Amid growing animosity between Anaheim and Walt Disney Co., the president of the media giant’s Disneyland Resort asked the city to end all tax incentive deals in hopes of promoting “cooperation and goodwill.”

In a letter sent to Anaheim’s mayor and city council, Disneyland Resort President Josh D’Amaro said he was calling for the end to two tax incentive agreements as a way to improve the company’s relationship with the city and its residents.

“Unfortunately in Anaheim, these policies have become divisive, leading to an unstable business climate and a difficult working relationship with the city,” D’Amaro said in a letter dated Aug. 21.

Anaheim Mayor Tom Tait, who has opposed tax breaks for the theme parks, called the request a “bold move” and said he is looking forward to working more cooperatively with Disney in the future.

Disneyland Resort benefits from two agreements with Anaheim.

One prohibits the city from adopting an entertainment tax on the price of admission in exchange for the resort’s promise to invest at least $1 billion by 2024. The Star Wars: Galaxy’s Edge expansion, slated to open next year, meets the resort’s $1-billion obligation under that 2016 deal. Disney California Adventure Park already has announced plans to build another expansion, featuring the superheroes of Marvel comics and movies.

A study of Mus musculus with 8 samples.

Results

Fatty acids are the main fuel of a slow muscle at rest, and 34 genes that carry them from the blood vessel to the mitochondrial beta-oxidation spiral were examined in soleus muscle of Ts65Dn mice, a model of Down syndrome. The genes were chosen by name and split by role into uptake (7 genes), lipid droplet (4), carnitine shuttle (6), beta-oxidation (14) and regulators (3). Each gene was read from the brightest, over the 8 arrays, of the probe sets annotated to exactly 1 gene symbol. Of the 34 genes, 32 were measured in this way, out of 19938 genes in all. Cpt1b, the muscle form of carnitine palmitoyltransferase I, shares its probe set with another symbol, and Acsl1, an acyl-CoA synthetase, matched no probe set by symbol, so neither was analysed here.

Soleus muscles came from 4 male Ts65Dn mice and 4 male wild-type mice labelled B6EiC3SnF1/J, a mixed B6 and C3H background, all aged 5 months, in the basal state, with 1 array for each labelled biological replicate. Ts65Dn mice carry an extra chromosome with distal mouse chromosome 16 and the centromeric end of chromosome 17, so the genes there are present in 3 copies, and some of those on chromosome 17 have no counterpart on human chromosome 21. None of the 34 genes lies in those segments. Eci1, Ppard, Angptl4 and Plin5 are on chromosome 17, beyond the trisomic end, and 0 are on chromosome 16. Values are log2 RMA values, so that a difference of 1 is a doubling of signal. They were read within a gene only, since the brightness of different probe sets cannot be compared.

The second tax benefit, also adopted in 2016, would give the resort a $267-million rebate on the city’s hotel tax if Disney builds a luxury hotel. The Disneyland Resort drew up plans to build the hotel, which was set to open in 2021, but learned last week that, according to the Anaheim city attorney, the hotel project doesn’t qualify for the break because Disney moved the location of the project after the deal was reached.

Disney representatives then put a hold on the hotel plan and complained that the project still should qualify for the break, despite relocating by only about 1,000 feet from its original location.